Published on:
  • Aquaculture, fisheries and coastal agriculture
  • Climate and disaster risks
  • Climate mitigation and adaptation
  • Coastal resilience
  • Coastal wetland conservation
  • Integrated delta management
  • Natural infrastructure solutions
  • Private sector performance

Wetlands International and Boskalis, the global dredging and marine contractor, will intensify collaboration to enhance and restore coastal wetland habitat that not only support coastal protection and fisheries but store some of the world’s largest quantities of carbon.

The agreement, signed today, will see the organizations first focus on developing the expertise and knowledge of ‘blue carbon’ ecosystems that can contribute to climate targets, adaptation and biodiversity conservation. ‘Blue carbon’ refers to the carbon stored by the world’s coastal ecosystems, mostly mangroves, salt marshes and seagrasses.

With increasing risks of flooding and erosion, the impacts of climate change on coastal systems and communities are becoming ever more apparent. The dredging sector has a large role to play in safeguarding these areas, providing innovative ways to protect coastlines and introducing adaptive measures.

Jane Madgwick, Chief Executive Officer of Wetlands International said: “As natural coastal protection, carbon and water stores, wetlands are vital in helping communities and nature deal with the effects of climate change. Together with Boskalis, we aim to further develop our blue carbon knowledge and expertise to help nature-based approaches become best practice across the maritime and dredging sector.”

Theo Baartmans, Board Member and Chief Operating Officer, Boskalis: “As a leader in the industry, Boskalis is keen to further develop nature-based solutions to protect and enrich coastal ecosystems from the consequences of climate change. By collaborating with Wetlands International we can combine our respective expertise to protect and further enhance coastal wetland habitats in terms of biodiversity whilst simultaneously utilizing their potential to store carbon.”

Boskalis and Wetlands International have worked together for several years as active members of Ecoshape, a pioneering consortium developing ‘building with nature’ principles to support nature-based flood defense, coastal restoration, resilient deltas and sustainable ports. Such principles prioritize the use of natural processes and materials such as sediment flow and mangrove restoration to meet society’s need for infrastructure.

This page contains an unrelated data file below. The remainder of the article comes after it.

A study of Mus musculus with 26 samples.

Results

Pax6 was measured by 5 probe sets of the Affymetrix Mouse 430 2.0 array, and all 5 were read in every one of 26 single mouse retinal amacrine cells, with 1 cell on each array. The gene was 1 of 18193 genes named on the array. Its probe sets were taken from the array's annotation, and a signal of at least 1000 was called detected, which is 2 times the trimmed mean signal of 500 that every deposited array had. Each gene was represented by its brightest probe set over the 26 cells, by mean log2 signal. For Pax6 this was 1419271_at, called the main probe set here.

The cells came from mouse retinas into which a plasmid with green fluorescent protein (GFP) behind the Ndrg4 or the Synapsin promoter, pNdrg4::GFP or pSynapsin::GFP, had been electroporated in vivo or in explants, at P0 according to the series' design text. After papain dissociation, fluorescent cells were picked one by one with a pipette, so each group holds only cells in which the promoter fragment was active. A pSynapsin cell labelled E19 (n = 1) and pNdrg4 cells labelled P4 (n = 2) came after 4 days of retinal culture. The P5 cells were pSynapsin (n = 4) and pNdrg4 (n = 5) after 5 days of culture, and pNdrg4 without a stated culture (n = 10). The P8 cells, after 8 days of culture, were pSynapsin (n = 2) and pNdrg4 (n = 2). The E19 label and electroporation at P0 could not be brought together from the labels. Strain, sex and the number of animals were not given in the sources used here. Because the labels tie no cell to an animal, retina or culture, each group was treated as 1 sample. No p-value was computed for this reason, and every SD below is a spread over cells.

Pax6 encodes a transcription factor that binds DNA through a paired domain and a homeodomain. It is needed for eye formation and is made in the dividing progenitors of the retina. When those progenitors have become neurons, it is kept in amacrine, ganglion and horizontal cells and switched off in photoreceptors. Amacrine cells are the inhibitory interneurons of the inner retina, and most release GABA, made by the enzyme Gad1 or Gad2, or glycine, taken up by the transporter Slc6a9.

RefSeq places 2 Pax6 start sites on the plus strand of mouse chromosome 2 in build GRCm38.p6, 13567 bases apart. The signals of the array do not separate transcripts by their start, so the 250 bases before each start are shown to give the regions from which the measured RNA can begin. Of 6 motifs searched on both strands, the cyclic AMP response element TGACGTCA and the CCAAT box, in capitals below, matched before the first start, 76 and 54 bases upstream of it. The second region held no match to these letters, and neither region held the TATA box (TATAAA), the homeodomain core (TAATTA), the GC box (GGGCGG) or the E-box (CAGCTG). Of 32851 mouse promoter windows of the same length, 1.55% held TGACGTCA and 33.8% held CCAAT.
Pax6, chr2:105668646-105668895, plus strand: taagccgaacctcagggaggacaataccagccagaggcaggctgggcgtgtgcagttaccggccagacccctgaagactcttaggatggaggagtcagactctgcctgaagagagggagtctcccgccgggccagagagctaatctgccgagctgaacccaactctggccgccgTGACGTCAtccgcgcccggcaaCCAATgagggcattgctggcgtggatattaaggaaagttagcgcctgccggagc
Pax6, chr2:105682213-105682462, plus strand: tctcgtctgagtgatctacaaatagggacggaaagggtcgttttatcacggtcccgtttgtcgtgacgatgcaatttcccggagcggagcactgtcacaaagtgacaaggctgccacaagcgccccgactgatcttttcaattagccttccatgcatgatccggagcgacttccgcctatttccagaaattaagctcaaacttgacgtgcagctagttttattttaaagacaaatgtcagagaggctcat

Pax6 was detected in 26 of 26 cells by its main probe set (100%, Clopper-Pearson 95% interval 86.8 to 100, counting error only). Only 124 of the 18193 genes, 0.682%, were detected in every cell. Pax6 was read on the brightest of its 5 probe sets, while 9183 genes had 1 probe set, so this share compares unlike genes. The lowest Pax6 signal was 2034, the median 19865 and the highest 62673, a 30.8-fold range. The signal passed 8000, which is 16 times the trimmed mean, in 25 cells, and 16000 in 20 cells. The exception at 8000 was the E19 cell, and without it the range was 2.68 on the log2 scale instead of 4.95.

Noteworthy projects undertaken together include the ‘Building with Nature Indonesia’ program, where mangrove rehabilitation and nature-based coastal protection provide a foundation for local economy and community development.

Boskalis and Wetlands International are committed to strengthening the knowledge base and sharing the learnings from the collaboration with the sector as a whole.

Coastal ecosystems such as mangrove forests, seagrass meadows, and tidal salt marshes are important habitat for all kinds of species. These ecosystems contribute a major part of people’s livelihoods and maintain water quality. Their conservation and restoration are gaining interest, not only in terms of biodiversity value, but as climate buffers, providing a cost-effective way to both take carbon out of the atmosphere while ensuring communities and nature can adapt to the impacts of climate change.

Building with Nature Indonesia is a programme led by Wetlands International in close collaboration with Ecoshape, the Indonesian Ministry of Marine Affairs and Fisheries (MMAF), and the Indonesian Ministry of Public Works and Housing (PU). The programme is supported by the Dutch Sustainable Water Fund and The Federal Ministry for the Environment, Nature Conservation, and Nuclear Safety (BMU) as part of the International Climate Initiative (IKI).